Happiness of Pursuit
Shah Husain Imam
A turn of phrase can be very interesting, not just because of creative imagination going into its making but also for its stunning effect on the listener. It can cast a spell on him or her and the person keeps regurgitating it as though paying tribute to the turner of the phrase.
A couple of months back, I had tuned into a BBC discussion programme, if I am not wrong, on the topic: Pursuit of Happiness. A woman commentator said, she thought that happiness of pursuit was more important than pursuit of happiness. For a moment, I wondered she was perhaps sensationalising with a head-turner of an expression. For, pursuit of happiness is itself an elevated phraseology finding place in the US Constitution and the Constitution of the Philippines, the latter somewhat modeled after the former. The preamble to both the constitutions proclaims, among other things, citizen's pursuit of happiness as a prized goal, a perfectly sensible ideal for the state as well as citizens to work for.
When I shared the exceptional phrase I had heard over the BBC with a knowledgeable critic of a lady colleague, it was another turn for me to be treated to a new stunner. She said, 'Happiness of pursuit is a masculine craving while pursuit of happiness is what women aspire after and long for. The man is for a fleeting one-off pleasure while his opposite number looks for enduring and secure happiness. I think she has a point from the gender angle. But the reason for which the lady commentator over BBC placed 'happiness of pursuit' above 'pursuit of happiness', was to emphasise the importance of work environment for women in a male-centric world which is a missing commodity. She is hemmed in by all sorts of occupational hazards that make the difference between a labour of love and an unloved occupation.
To facilitate the pursuit of happiness and happiness of pursuit, the state, corporate sector, communities and individuals have to play their eminently definable roles. The first is to create an enabling non-discriminatory environment; the second, to incentivise; the third, to respect others' rights; and the fourth to keep vigil over personal freedom and dignity. It is a culture that needs fostering through raising educational levels across the board.
Pat comes an instant reaction, it's 'a no go then', another of those de passé banalities -- 'everybody's business is nobody's business.' There too is a point but that of an incurable cynic. The answer to it is delivering from wherever you are to the best of your true potential and abilities. That is how Japan, Malaysia, South Korea, Singapore and Hong Kong have pulled themselves up the boot-straps to emerge as showcases of productive prosperous societies. In the late sixties', some of these countries were at a comparable, or lesser level of economic standing with these parts called Bangladesh.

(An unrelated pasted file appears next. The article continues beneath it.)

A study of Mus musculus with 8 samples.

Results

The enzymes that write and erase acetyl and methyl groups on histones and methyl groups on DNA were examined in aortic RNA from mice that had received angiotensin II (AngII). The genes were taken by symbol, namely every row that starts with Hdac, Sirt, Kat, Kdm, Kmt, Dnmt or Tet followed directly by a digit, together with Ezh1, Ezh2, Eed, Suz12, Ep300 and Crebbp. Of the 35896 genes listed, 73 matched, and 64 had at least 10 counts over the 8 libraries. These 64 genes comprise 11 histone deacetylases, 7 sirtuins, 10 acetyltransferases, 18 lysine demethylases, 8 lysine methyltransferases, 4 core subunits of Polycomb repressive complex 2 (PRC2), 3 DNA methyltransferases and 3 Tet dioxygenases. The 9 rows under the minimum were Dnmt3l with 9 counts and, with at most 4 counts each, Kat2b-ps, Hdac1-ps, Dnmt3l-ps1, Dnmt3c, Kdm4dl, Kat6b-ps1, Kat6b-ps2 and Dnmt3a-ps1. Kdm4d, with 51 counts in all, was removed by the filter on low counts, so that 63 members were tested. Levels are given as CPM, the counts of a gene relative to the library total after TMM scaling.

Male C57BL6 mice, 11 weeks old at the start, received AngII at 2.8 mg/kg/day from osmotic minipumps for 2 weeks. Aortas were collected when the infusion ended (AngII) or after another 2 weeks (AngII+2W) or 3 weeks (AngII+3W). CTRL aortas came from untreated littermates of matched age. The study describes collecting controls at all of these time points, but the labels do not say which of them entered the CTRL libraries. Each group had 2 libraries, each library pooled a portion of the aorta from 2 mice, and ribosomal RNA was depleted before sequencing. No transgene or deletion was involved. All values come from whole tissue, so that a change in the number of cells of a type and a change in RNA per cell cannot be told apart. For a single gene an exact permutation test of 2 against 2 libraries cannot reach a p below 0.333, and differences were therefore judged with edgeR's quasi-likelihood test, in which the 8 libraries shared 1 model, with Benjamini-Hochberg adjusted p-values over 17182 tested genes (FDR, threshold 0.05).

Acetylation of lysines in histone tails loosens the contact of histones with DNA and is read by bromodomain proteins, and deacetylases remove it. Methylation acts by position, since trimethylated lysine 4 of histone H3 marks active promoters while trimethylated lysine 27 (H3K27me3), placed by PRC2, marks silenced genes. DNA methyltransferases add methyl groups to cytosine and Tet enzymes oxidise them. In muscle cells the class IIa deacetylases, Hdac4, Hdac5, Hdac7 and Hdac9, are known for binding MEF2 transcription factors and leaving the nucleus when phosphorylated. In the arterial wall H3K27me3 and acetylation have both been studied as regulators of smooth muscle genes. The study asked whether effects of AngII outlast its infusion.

John F Kennedy once said, 'Ask not what the state can do for you, ask what you can do for yourself'. It sounded somewhat like Nelson's famous words: 'England expects every citizen to do his/her best'. The appeal of these words might have been to a sense of patriotism or civic obligation to the state but in modern welfare states, citizens expect and do get more from the state than they give to it. As taxpayers' money puts doles on a roll, an unemployment culture feeds on its own creating idle generations in some, if not most affluent countries. This is poverty out of surfeit but ours is a poverty of equal opportunities.
Not that we have a problem with investible surpluses. By one count, there are 30 thousand karorpatis and above domestic bank balance-wise to put it modestly. What of the stashed away liquidity abroad from the securities scam, for one? Perhaps the challenge is down to pooling these resources and utilising them on priorities more than on projects but that's only a speck of what we need and are able to generate with good leadership.
All this has perhaps more to do with pursuit of happiness than happiness of pursuit. The latter comes from a certain 'feel-good' factor, which in turn is the product of an equal-opportunities' society. We have quite a distance to go yet to make both pursuit of happiness and happy pursuit possible. It is actually just both sides of the same coin.